While a barn house may bring to mind a classic barn set in the countryside, you don’t need to live on a farm to enjoy the roomy, rustic appeal of a barn house. Depending on where you live, the method of construction, size of the home and other amenities, a barn house could be an efficient and cost-effective home that allows for an open concept design with plenty of living space.
- What is a barn house?
- Common features of barn-style homes.
- Barn house styles.
- Barn house construction methods.
- How much does a barn house cost?
What Is a Barn House?
“Simply put, a barn house is a barn that’s been converted into a home or a home built in the style of a barn,” explains Suzanne Ennis, associate editor at Houzz. Barn houses come in all shapes and sizes, but the general characteristic look and spacious features of a barn are apparent in the design of the house.
“Barn houses promise the best of both worlds: They can have the nostalgia and rustic charm of a traditional home and the airy feel and flexible floor plan of a contemporary home,” she adds.
Common Features of Barn-Style Homes
“Although variations abound, hallmarks of barn-style house exteriors we see on Houzz include simple shapes, stone bases, gambrel or gable roofs, cupolas and rustic wood-plank siding, sometimes painted traditional red,” says Ennis.
The interior of a barn house can also vary, but Ennis says that typical features include customizable open floor plans, pitched ceilings, lofts, heavy sliding doors, stone or brick floors and exposed wood and timber elements.
Barn House Styles
Beyond barn-inspired homes and barn conversions, there are several types of barn houses based on traditional barn designs.
Dutch-style barn houses have steep gable-style roofs supported by beams and anchor beam posts. English barns are another popular style and tend to have a simple design and higher-pitched gable roofs.
There are also classic dual-pitched gambrel-roof barns, says Ennis. The gambrel roof is a symmetrical two-sided roof with two slopes on each side with the upper section being at a shallower pitch than the lower one. This is a popular and distinct barn house characteristic that provides the advantages of a sloped roof while maximizing interior space.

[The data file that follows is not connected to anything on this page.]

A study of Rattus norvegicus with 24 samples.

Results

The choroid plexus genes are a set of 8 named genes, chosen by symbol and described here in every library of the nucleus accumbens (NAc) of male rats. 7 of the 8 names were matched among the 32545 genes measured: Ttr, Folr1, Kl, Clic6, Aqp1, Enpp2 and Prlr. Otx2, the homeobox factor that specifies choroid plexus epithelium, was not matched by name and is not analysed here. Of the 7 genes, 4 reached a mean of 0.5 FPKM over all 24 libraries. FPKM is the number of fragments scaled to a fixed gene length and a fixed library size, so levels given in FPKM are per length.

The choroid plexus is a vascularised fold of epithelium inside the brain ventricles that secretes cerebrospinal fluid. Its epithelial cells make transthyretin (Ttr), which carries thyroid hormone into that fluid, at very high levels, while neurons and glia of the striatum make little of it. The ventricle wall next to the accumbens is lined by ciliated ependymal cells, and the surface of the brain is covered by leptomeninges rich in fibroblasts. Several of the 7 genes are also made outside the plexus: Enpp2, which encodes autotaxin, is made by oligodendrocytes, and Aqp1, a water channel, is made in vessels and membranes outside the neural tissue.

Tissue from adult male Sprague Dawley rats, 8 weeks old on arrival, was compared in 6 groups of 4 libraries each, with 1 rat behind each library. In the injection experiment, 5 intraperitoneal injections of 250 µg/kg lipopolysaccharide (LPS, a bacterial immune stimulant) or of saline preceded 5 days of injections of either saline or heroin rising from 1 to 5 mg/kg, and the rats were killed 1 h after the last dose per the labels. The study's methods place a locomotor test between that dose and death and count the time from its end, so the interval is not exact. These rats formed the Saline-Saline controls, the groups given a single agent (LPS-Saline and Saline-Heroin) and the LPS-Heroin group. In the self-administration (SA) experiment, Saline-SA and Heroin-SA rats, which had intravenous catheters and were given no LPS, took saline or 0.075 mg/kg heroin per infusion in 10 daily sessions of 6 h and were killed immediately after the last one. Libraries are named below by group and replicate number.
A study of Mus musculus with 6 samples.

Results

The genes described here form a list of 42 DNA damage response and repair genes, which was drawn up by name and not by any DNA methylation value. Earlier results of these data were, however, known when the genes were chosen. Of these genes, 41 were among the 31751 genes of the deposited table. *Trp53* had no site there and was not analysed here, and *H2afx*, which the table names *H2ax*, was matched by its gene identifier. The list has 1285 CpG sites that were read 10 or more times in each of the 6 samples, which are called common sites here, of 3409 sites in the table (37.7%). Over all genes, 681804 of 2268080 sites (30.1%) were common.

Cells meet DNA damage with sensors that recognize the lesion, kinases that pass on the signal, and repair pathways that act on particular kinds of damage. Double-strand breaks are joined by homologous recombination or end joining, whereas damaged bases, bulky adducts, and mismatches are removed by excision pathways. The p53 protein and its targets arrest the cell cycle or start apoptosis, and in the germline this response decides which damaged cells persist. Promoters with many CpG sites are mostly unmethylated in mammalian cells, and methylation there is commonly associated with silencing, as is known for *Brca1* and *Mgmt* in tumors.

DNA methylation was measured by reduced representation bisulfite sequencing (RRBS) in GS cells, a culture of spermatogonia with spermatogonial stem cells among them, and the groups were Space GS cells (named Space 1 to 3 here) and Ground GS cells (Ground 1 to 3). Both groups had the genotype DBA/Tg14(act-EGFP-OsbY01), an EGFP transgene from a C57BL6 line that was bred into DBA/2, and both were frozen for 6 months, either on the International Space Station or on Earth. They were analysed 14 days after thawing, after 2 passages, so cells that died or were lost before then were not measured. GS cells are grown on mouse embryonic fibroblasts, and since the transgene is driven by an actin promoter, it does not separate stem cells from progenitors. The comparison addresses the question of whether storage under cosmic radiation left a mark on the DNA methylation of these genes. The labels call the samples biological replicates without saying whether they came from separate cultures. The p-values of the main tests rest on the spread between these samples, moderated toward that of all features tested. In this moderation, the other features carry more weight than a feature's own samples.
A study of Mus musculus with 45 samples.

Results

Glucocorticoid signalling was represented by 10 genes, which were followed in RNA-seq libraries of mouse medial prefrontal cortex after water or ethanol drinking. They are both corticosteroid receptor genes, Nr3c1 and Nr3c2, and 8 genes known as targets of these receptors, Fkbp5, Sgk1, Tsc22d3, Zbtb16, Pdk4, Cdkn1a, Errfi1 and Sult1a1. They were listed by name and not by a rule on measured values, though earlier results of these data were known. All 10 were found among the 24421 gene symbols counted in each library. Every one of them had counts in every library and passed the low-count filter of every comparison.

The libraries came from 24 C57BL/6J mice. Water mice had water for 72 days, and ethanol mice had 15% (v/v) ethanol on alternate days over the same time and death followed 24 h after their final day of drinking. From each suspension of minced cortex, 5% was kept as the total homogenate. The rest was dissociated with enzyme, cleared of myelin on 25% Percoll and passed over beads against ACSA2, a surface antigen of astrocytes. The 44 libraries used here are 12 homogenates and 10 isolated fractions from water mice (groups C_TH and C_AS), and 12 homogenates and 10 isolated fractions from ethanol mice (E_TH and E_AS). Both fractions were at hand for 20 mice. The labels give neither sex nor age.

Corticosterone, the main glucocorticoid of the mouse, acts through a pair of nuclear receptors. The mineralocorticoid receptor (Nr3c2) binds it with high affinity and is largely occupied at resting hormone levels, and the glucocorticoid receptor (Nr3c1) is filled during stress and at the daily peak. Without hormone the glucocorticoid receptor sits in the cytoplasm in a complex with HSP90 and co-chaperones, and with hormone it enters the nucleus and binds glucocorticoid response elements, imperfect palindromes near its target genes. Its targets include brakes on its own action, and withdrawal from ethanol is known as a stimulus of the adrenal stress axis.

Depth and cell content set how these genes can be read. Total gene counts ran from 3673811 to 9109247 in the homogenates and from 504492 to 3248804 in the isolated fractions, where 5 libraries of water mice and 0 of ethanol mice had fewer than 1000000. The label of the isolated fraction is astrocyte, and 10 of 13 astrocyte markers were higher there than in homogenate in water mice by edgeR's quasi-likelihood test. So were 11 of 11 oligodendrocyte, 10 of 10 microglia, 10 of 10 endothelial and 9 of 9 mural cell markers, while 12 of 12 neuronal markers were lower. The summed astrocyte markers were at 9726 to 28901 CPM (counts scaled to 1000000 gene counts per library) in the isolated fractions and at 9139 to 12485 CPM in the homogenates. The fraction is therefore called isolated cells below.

Other styles include the gothic-arched roof barn, which has an arched roof on top in the ogival shape of a Gothic arch on top of traditionally framed walls, and the monitor barn, which has a raised center roof.
“Any of these can be interpreted in a modern or rustic style,” says Ennis.
Barn House Construction Methods
Barn houses can be built using a timber frame or post-and-beam construction, which have a rustic appearance of exposed timber and are considered the most traditional barn house construction methods.
“Structures built with these methods are self-supporting, meaning they don’t require building internal load-bearing walls, which allows for the soaring, wide-open spaces prized by barn house fans. They generally have beautiful exposed beams, and they’re durable too,” states Ennis. “Timber-frame barns, which feature more complex joinery than post-and-beam barns, can stand for centuries.”
Ennis also notes that pre-engineered steel-framed barn kits that have been converted into living spaces, also called barndominiums, are another popular choice. Another option is a pole barn. The pole barn house uses post-frame construction where poles are either driven into the ground or secured above ground.
How Much Does a Barn House Cost?
According to Fixr, the national average cost to build a pole barn is $50,000 to $100,000, with most people paying around $72,000 for a 1,600 square foot pole barn. The high cost is $300,000 for a 2,400 square foot pole barn house with luxury interior finishings, insulation and metal board and batten siding.
If you don’t want to buy all the materials on your own, you can also purchase a barn house kit. For example, barn home kits by DC Structures are generally $30 to $60 per square foot; however, your location and external costs may greatly affect the price of the finished product.
You can also convert a barn into a house, but the barn-to-home process can be more complicated and it could end up being more expensive, depending on the condition of the structure. In many cases, you’ll need a new foundation to meet residential building codes, which ranges from $4 to $25 per square foot, interior framing, which costs $7 to $16 per square foot and replacing the roof, which can add up to $11,727. This doesn’t include refurbishing costs, windows, doors, running plumbing and electric, installing an HVAC system or finish details.
“Many factors influence the cost of both new builds and conversions, including the region in which you are building; the site; the size, complexity and scope of the project; the materials used; the kind of construction; and, in a conversion, the condition of the original structure,” explains Ennis.
“Working with a local industry professional, like a contractor, architect or designer, can help you get a better sense of budgets and timelines,” she adds.